This blog provides a commentary on landslide events occurring worldwide, including the landslides themselves, latest research, and conferences and meetings. The blog is written on a personal basis by Dave Petley, who is the Wilson Professor of Hazard and Risk in the Department of Geography at Durham University in the United Kingdom.

This blog is a personal project that does not seek to represent Durham University.

Friday, 8 February 2008

Landslides and buses

A nasty landslide this week in Peru triggered some thoughts about the occurrence of landslides that kill the passngers on buses. The event that triggered these thoughts occurred on 6th February when heavy rain dislodged a boulder hit a bus and knocked it into the Tarma River in Junin Province in Peru. Seven people were killed and a further 23 were injured.

TV3 news in New Zealand had this picture of the remains of the vehicle:

Such events appear on the database quite often, so I thought it might be interesting just to look at the 2007 data to see where and when they occur. These are the bus-related landslides within the Durham database:

Date

Country

Location

Fatalities

Injuries

24/02/2007

Pakistan

Sanadhi (Paniola) village, 15 kilometres away of Rawalakot, Kashmir

15

5

12/03/2007

India

Nauliband area of the Rudraprayag district, Uttarakhand

18

32

02/04/2007

China

Pengshui, Chongqing Municipality

7

1

25/05/2007

China

Shimian to Hanyuan county in the central western city of Ya'an, Sichuan

10

14

04/07/2007

Mexico

Eloxochitlan, Puebla

32


20/08/2007

Nepal

Palpa-Tamghas road, Palpa

25


02/09/2007

India

Ghansali town in Tehri district, Uttarakhand

19

20

17/09/2007

India

Rudraprayag district, Uttarakhand

19

28

11/10/2007

India

Vishnuprayag, Chamoli district of Uttarakhand

41


20/11/2007

China

Badong county, Enshi Tujia and Miao Autonomous Prefecture in southwest Hubei

35

1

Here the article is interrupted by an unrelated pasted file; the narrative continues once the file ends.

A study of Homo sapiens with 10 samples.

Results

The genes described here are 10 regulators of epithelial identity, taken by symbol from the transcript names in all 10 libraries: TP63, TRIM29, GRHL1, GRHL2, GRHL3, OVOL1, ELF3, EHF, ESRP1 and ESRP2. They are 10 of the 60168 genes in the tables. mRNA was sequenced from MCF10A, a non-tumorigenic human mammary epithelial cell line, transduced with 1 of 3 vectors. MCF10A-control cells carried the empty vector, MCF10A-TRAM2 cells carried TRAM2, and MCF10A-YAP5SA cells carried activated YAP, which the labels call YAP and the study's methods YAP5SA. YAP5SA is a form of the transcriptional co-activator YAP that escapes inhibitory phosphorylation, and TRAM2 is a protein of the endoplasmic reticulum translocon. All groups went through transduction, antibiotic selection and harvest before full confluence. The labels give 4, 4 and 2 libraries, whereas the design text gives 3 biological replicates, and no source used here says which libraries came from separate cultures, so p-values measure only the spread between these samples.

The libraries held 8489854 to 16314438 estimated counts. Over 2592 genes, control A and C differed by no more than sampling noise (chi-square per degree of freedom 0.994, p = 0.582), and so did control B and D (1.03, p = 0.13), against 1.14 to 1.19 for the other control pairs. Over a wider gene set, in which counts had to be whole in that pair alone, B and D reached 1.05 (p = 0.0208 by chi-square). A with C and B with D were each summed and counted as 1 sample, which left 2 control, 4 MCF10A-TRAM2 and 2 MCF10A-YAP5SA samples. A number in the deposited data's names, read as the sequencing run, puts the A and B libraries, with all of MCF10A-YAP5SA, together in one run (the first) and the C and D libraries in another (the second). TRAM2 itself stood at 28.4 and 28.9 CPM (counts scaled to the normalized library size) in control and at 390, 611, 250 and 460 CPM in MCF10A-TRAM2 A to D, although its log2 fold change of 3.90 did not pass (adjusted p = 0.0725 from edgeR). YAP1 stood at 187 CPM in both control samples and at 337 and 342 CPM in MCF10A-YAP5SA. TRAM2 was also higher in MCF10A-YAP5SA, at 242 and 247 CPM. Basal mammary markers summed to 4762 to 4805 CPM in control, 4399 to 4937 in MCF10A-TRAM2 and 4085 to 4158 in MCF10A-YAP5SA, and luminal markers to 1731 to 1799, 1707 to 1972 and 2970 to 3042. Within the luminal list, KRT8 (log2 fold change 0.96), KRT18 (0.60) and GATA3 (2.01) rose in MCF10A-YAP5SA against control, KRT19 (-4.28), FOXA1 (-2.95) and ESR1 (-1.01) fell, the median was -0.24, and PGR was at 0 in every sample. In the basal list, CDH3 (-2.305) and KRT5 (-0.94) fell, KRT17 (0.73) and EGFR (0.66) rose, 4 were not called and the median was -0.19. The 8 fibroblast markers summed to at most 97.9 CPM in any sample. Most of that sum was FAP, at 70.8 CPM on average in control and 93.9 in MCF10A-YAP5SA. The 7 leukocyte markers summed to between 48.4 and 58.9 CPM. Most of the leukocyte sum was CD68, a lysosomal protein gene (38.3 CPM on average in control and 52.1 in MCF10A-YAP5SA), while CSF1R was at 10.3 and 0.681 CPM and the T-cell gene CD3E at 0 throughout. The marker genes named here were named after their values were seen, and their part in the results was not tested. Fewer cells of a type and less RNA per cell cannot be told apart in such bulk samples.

Totals

221

101


It is clear that there is a particular problem with landslides affecting buses in mountain areas, particularly in Asia. Over 200 deaths is a very high impact indeed. The impacts occur in one of three main ways:
1. Buses being hit by landslides or by rockfalls and knocked into a river (as in the case of Peru this week)
2. Buses being buried by landslide debris (this happened in the Pakistan example)
3. Buses being affected by a human induced failure. The Badong event in China was the result of a rockfall triggered by tunnel construction.

There are occasional other factors too - in one case the accident occurred because the driver was speeding to attempt to avoid a rockfall. I suspect that no-one has ever undertaken a systematic study of bus-related landslide fatalities. This is probably an important topic.

Wednesday, 6 February 2008

January 2007 final map

Below is the fatal landslide distribution map for January 2008. I have coded the rainfall induced landslides as black dots and those caused by other causes as red dots.

The January 2008 fatal landslide distribution map. Rainfall-induced landslides are the black dots, those caused by other processes (mostly quarrying and construction) are in red. Click on the map for a larger version.

A few observations on the data:
  • I recorded 20 fatal landslides in the month with a total of 106 fatalities
  • Of these, only six were triggered by rainfall, accounting for 56 deaths.
  • There is a notable cluster of landslides in northern India. However, most of these were triggered construction or quarrying, so it probably represents just a coincidence.
  • Overall, the total is below the long term average for the number of fatalities occurring in January.
I welcome any thoughts, observations or comments.